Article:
As I grow into domesticated life, I found something that I once saw as a chore to be so much more than that. Most nights I volunteer to do the dishes. My wife is the primary cook, yet often we cook together (I get to cook the meat, which I very much enjoy and she does most of the other stuff). So I take on the dishes.
Dishes, until recently, were a necessary evil of eating at home. Yet lately they are beginning to become something more. When you look around at a kitchen full of pots and pans and the chaos of meal preparation, knowing where to begin is daunting. But as soon as those first dishes find their way to the dishwasher, when food makes its way to left over containers and back into the fridge, the feeling to getting somewhere takes over and the task becomes therapeutic. The act of taking chaos and bringing order becomes ritualized as it is repeated night after night. As pots get washed and cleaned, as surfaces are wiped down and the state of the kitchen is returned to a dormant state, a state of waiting for the next meal. There is a sense of being connected to the real passing of time, to the real experience of simple life.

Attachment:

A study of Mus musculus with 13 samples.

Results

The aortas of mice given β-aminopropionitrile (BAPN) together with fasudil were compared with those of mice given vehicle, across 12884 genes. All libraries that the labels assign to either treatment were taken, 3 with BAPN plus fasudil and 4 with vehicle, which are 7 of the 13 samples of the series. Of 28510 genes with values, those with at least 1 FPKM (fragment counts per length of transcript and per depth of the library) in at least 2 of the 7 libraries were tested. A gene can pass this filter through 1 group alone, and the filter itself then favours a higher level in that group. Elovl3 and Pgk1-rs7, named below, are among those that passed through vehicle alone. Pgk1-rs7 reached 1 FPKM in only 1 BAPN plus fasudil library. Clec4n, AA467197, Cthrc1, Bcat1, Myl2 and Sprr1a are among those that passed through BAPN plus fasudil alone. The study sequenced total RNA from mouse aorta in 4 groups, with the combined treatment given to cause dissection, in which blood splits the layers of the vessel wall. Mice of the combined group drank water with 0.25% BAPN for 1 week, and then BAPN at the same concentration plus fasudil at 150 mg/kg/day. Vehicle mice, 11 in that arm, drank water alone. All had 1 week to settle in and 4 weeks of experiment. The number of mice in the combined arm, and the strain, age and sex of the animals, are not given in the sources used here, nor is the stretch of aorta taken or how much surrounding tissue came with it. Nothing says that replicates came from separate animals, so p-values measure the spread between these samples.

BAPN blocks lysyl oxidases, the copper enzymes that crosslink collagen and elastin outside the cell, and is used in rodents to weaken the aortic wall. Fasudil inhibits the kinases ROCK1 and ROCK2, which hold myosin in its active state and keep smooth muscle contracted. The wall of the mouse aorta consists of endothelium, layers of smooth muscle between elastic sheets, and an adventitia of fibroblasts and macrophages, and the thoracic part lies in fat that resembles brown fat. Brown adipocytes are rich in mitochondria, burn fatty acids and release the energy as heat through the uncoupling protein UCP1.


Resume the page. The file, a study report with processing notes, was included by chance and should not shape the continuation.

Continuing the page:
Michael Pollen’s interview with Jian Ghomeshi last week reminded me of my dishes ritual. As a food author, he spoke about our connection to food as human beings. How preparing, cooking, and eating food connects us to life, make us slow down. You (generally) have to put down the phone, stop the emailing, Facebook, twittering, browsing etc… to properly cook food (even if you are using a online recipe). That cooking is connection to where come from and to the cycle of life that we try so desperately to detach from most of the time.
As a Pastor, I cannot help but see how my vocation is tied, on a deep level, to the act of preparing food, sharing meals, and cleaning up afterwards. This is the ritual action that I preside over week after week. Like a waiter presenting the weekly specials, I announce the meal that is being prepared and then serve it to the gathered people.
But… there is something even more divine about the dishes. One particular night, after returning to the kitchen to the place of sane anticipation. Clean and waiting for the next meal, I observed that this must be what God experiences with us. Through mercy and forgiveness, by washing, cleaning, restoring, finding new places for partially eaten meals and preserved ingredients and left overs, God restores order and calm to our world. Sure it doesn’t take long to get messy and to become chaotic, but that is part of life. A sign of life being lived. We are like meals being cooked and served. Some days we are just sustenance, and others we are works of art and beauty. But it is God, always there, cleaning and washing, redeeming and showing mercy.
So wash the dishes and know the divine, because cleaning up is a very sacred act.